So What Is A Deepfake?
(If you already know the answer to this question, skip to the next section)
Deepfakes have been a fairly underground technology for some time. The basis of the technology involves porting the facial expressions of one person onto the face of another person using some kind of computer program. For example, I could spend ten minutes talking to myself in front of a camera, run the program through a deepfakes system, and replace my face with the face of say, Donald Trump.
And boom. With surprising accuracy, I am left with a video of what looks very much like Donald Trump saying a bunch of things that Donald Trump has probably never said before. Of course, my voice still doesn’t sound like Trump’s, but seeing as just about every American over the age of 15 has some kind of Donald Trump impression, it wouldn’t be too hard to find one or two that could be passed off as the real thing.
Obviously, then, Deepfakes could be very powerful in creating fake news. When I last wrote on the topic about a month ago, I stated that it has two primary applications:
The first serves against those being faked: Normal people with solid voice impressions could use the technology to create very convincing fake videos of important people doing incriminating things, and pass them off as real with relative ease.
The second serves for those being faked, or for those famous enough to theoretically be faked: If they were ever caught on camera doing or saying something incriminating, they could pass it off as a fake to escape the negative effects.
So What’s Changed?
Deepfakes have gone professional. For those who never knew or don’t remember, the original “Deepfakes” program was created by a single person and released as an android app. Their original purpose was to allow individuals to easily put celebrity faces over clips of pornstars, making easy, fake celebrity pornography.
And since the technology began to be recognized as being applicable for much more than pornography, a team of professionals have decided to make the algorithms much, much better.
According to an article on ScienceNews, the company SIGGRAPH will be holding a conference tomorrow, August 16th, to show off this new system. The company’s page claims that the technology will allow for “full control over a target actor by transferring head pose, facial expressions, and eye motion with a high level of photorealism.”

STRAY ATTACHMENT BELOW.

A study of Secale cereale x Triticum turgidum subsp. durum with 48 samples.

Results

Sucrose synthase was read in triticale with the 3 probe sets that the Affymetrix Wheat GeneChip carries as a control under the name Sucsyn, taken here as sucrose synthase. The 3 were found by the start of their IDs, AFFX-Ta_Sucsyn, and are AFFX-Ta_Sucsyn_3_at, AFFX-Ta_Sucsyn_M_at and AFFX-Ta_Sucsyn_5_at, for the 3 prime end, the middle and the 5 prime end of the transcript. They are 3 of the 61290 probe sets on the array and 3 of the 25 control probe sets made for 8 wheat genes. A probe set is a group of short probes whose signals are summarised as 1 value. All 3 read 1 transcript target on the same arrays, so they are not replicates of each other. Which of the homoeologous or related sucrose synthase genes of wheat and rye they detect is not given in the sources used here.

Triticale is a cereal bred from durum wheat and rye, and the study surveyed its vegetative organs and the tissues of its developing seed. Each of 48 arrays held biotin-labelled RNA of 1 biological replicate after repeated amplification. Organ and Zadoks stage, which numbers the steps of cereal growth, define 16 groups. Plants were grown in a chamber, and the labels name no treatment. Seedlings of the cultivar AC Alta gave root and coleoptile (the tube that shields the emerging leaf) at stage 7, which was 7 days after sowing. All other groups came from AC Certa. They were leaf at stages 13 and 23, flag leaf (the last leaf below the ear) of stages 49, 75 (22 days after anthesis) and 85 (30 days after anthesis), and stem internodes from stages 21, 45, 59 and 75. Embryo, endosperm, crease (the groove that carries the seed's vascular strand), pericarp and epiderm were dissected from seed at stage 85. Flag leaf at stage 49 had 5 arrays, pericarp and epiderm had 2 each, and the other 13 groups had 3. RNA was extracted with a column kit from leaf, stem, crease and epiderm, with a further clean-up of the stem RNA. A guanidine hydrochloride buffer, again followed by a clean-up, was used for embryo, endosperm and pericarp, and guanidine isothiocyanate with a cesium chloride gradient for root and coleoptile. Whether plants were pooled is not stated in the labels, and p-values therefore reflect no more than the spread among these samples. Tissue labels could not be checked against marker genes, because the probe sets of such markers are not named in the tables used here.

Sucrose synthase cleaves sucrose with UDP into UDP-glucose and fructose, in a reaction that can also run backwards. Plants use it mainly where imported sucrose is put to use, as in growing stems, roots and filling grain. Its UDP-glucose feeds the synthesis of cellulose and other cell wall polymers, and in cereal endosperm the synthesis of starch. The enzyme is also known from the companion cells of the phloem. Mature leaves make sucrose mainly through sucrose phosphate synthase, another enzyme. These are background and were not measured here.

From the article on ScienceNews:
“Computer scientist Christian Theobalt of the Max Planck Institute for Informatics in Saarbrücken, Germany, and colleagues tested their program on 135 volunteers, who watched five-second clips of real and forged videos and reported whether they thought each clip was authentic. The dummy videos fooled, on average, 50 percent of viewers.”
And while 50 percent alone may seem like a high number, the real number of those who would have been fooled is probably much higher: The subjects taking part in this experiment were told that some of the clips were going to be fake, so they scrutinized and analyzed them to a much larger degree than ordinary people would have upon seeing a video clip. This intensified level of scrutiny caused the individuals to believe that 20 percent of the totally normal, real clips they were shown were also fakes.
For better or for worse, SIGGRAPH has created a Deepfakes-style program with capabilities far past that of what has been seen in the past.
But this program certainly isn’t intended to be used for fake news, and the full software will probably be too costly for full fake-news writers to afford. More than likely, its intended application is for professional and amateur filmmakers to use the swapping feature for quick – and – easy facial MoCap processes on real people (Young Princess Leah at the end of Rogue One: A Star Wars Story) or fake, giant purple people (Thanos).
Still, it’s hard to deny this program’s potential for some seriously convincing fake video clips. And even if the entire software won’t be released for prices news fakers can afford, the advancements from the program may leak into other programs down the line.
When I first wrote about Deepfakes, I mentioned some other programs in development to detect and counter them. I haven’t heard anything from those programs in some time, but let’s hope that they get up and running soon.